Almost $1.4 billion in payments intended to stimulate the U.S. economy amid the coronavirus outbreak instead went to more than 1.1 million deceased people, according to a new government report.
A report by the Government Accountability Office (GAO) released Thursday outlined a number of problems within the federal coronavirus response, including the issuing of stimulus checks to deceased Americans.
“The Internal Revenue Service (IRS) and the Treasury moved quickly to disburse 160.4 million payments worth $269 billion. The agencies faced difficulties delivering payments to some individuals, and faced additional risks related to making improper payments to ineligible individuals, such as decedents, and fraud,” a portion of the GAO report reads. “For example, according to the Treasury Inspector General for Tax Administration, as of April 30, almost 1.1 million payments totaling nearly $1.4 billion had gone to decedents.”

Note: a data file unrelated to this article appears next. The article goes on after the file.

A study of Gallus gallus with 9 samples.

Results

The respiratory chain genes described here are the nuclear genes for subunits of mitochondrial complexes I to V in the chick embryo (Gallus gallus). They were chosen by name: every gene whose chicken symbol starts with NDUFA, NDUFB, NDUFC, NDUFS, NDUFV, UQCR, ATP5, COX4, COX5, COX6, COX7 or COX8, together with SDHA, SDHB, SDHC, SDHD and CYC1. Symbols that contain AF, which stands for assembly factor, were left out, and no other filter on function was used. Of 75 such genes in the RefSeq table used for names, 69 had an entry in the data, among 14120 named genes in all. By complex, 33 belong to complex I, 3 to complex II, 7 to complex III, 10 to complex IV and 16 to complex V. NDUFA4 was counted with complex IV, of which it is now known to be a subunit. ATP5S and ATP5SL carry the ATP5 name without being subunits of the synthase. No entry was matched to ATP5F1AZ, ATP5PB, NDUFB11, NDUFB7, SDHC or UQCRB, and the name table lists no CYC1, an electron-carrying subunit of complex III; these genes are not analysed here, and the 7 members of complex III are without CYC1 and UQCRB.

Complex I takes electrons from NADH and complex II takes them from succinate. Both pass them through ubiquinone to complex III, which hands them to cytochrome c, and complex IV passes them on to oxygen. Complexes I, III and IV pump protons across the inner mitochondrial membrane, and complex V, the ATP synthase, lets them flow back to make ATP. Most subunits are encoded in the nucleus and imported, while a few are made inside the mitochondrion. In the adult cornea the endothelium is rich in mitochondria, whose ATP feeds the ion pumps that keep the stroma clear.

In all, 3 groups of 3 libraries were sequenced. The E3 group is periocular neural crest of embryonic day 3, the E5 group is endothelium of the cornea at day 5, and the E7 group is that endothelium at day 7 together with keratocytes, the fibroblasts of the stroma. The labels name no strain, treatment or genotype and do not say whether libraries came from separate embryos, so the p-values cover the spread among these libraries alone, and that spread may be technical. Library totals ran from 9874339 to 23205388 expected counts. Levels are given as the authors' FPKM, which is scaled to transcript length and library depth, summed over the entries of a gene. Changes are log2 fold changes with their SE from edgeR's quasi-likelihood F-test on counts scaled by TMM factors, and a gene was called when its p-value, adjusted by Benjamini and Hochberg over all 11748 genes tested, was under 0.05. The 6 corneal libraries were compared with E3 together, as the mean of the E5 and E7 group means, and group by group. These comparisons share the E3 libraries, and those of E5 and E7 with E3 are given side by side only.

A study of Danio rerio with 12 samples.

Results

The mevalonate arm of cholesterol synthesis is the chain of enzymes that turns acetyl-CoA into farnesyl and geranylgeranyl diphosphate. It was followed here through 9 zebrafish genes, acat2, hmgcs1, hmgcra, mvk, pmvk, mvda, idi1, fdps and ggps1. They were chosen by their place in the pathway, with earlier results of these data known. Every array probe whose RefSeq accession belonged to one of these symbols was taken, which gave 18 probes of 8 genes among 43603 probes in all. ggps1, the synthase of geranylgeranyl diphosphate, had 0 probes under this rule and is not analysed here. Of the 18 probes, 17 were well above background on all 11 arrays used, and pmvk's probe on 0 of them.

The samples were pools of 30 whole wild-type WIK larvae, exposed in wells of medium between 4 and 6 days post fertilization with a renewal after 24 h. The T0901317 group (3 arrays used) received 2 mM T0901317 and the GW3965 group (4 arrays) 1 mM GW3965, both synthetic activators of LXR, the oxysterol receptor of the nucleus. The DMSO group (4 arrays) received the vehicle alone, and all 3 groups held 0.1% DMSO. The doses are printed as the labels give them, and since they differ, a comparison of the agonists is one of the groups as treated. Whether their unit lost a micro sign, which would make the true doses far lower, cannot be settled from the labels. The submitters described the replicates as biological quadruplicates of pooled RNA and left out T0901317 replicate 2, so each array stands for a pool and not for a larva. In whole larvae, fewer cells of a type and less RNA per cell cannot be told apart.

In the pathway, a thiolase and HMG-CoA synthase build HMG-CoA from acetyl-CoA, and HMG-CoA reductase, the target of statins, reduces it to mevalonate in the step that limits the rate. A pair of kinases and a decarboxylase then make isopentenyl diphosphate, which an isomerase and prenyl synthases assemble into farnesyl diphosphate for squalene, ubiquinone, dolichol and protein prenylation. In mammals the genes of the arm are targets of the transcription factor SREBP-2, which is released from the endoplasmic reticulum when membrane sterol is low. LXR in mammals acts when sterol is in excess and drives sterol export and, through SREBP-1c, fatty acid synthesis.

The new GAO report indicated the cause of the misdirected payments may have been caused by a lack of data sharing between Social Security administrators and the U.S. Treasury or Bureau of Fiscal Services (BFS).
The Social Security Act provides IRS access to SSA’s full set of death records, but does not provide such access to Treasury and BFS, which distribute payments,” the GAO report reads. “We have previously suggested that Congress consider amending the Social Security Act to explicitly allow SSA to share its full death data with Treasury for data matching to prevent payments to ineligible individuals.”
The GAO noted that such data sharing between the SSA and the Treasury likely would not have prevented the misdirected payments, however sharing data with the Treasury “could help reduce similar types of improper payments in other circumstances.”
It is unclear how the federal government plans to recover the misdirected payments.